Last week we posted news about the Doomsday Vault in Svalbard. The facility took in 50,000 new seeds for safe storage in the event of a catastrophe on Earth. Here is a fascinating video tour of the vault in the Arctic and how it all works! Enjoy!
Polar Bear Pop Quiz
In celebration of International Polar Bear Day, Natural Habitat Adventures and Lindblad Expeditions have come up with this fun polar bear quiz for you to test your knowledge of the King of the Arctic, the magnificent polar bear.
Click this link to take the quiz: https://nathab.com/features/polar-bear-trivia-quiz/
International Polar Bear Day directs our focus to the magnificent polar bear and the pristine Arctic. The urgency to raise global awareness of the threats facing the region and polar bears as well as the other wildlife of the north is upon us. If we all band together and stay strong we can protect the wild land and creatures that make the Arctic the last frontier of nature.
Take the quiz below to find out how much you know about polar bears, then share your results with your friends and family on social media!
The “Arctic Doomsday” seed vault just took in a hefty deposit of some of the world’s most varied and treasured plant seeds to store in case of a world catastrophe.
The recent deposit to the Global Seed Vault consisted of 50,000 seeds from several countries around the world including the US, Britain, and Pakistan.15,000 of those seeds derived from the International Center for Agricultural Research (ICARDA), restoring some of the seeds they borrowed three years ago. The vault has been the go – to storage facility as ICARDA’s other facility is inaccessible in Aleppo, Syria due to sustained conflict. The organization, which strives to improve agricultural production in dry zones such as the Middle East and Africa, borrowed potato, rice, barley, lentil, wheat and sorghum seeds previously and has since relocated its operations to Morocco and Lebanon.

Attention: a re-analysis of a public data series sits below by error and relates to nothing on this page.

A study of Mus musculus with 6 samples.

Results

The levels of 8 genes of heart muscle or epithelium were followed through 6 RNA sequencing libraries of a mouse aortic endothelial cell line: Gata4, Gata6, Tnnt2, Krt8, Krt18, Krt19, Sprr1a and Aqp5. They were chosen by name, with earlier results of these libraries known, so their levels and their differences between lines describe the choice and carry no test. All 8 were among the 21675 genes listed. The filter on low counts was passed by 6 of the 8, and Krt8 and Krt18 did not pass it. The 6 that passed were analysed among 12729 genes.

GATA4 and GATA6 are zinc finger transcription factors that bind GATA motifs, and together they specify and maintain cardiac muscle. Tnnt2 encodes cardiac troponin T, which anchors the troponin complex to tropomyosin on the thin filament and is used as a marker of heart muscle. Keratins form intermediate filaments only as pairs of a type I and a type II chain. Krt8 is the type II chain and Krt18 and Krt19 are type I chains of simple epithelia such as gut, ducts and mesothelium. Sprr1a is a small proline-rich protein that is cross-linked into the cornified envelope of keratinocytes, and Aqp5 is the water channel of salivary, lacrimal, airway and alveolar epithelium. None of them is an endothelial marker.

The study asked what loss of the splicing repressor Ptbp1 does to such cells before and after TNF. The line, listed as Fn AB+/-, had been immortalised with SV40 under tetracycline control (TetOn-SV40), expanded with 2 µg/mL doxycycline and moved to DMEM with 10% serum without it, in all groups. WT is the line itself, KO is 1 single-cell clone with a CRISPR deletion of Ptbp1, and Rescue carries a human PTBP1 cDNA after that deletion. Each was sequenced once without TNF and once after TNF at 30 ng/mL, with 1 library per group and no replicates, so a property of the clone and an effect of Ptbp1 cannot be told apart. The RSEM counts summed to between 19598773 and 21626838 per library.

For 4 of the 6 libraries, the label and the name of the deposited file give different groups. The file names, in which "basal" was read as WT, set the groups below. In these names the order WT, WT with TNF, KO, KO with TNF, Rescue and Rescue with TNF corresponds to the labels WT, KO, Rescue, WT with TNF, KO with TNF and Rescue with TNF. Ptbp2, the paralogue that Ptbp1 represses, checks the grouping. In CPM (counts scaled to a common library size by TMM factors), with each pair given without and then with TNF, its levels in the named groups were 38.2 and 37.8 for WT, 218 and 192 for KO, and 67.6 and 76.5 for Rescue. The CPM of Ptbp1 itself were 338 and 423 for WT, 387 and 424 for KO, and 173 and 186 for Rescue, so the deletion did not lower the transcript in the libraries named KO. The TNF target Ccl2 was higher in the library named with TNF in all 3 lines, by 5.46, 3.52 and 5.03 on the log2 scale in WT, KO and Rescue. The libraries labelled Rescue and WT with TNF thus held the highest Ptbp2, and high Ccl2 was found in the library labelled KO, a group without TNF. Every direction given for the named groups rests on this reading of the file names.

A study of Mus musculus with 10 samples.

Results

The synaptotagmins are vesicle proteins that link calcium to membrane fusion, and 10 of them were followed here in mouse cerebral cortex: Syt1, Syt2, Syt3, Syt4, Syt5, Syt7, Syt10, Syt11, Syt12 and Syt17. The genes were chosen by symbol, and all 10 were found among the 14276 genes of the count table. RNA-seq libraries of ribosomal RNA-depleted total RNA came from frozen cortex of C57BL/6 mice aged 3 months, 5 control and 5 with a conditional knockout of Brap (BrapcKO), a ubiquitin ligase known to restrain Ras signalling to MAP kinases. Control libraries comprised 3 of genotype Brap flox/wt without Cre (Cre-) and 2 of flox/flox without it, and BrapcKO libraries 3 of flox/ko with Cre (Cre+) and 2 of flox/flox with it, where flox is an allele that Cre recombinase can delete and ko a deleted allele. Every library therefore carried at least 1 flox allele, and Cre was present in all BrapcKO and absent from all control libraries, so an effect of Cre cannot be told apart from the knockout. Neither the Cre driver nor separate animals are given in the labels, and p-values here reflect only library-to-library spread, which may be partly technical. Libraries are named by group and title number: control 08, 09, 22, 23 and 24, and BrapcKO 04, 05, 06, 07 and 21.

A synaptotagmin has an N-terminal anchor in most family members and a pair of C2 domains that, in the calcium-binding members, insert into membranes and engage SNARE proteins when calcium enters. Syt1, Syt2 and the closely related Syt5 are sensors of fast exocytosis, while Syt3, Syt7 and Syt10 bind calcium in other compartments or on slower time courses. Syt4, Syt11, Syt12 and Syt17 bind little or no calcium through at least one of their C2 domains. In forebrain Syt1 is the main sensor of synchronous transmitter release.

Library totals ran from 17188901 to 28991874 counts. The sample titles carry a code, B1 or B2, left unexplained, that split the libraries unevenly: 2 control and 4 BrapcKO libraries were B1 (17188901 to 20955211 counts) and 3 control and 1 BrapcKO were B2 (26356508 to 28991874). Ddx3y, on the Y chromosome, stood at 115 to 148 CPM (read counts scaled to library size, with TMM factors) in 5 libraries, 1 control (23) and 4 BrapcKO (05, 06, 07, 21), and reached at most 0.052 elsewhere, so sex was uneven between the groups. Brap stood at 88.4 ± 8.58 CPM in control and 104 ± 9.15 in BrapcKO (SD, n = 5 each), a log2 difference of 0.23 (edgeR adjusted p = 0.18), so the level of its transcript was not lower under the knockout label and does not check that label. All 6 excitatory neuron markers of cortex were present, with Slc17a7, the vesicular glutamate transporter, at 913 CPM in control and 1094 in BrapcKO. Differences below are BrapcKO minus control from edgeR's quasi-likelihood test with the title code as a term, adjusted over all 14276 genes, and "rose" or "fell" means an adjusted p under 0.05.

“Together, the nations that have deposited their seed collections account for over a quarter of the world’s population,” Marie Haga, Executive Director of Crop Trust, the organization behind the vault, said in a statement.
The vault, located on the remote Arctic isle of Spitsbergen is buried 425 feet inside a mountain and covered with snow. The consistent cool temperatures from permafrost levels and low seismic activity are crucial factors in its location and ability to sustain seeds for hundreds of years.
This short video explains very succinctly how northern lights are formed. Hopefully this gives everyone a basic understanding of what is behind those amazing aurora borealis spectacles that glimmer across the northern skies above Churchill and other parts of the Earth. Enjoy!
These scintillating northern lights photos taken by Natural Habitat Adventures guide Eddy Savage were the first two he took of the 2017 northern lights season. What a widespread display of aurora borealis highlighted by cloud cover. Great shots! Churchill was buried in a huge snowstorm yesterday so it might take a couple of days for clearer skies to reveal the magical northern lights again. Stay tuned for the next incredible images from the north.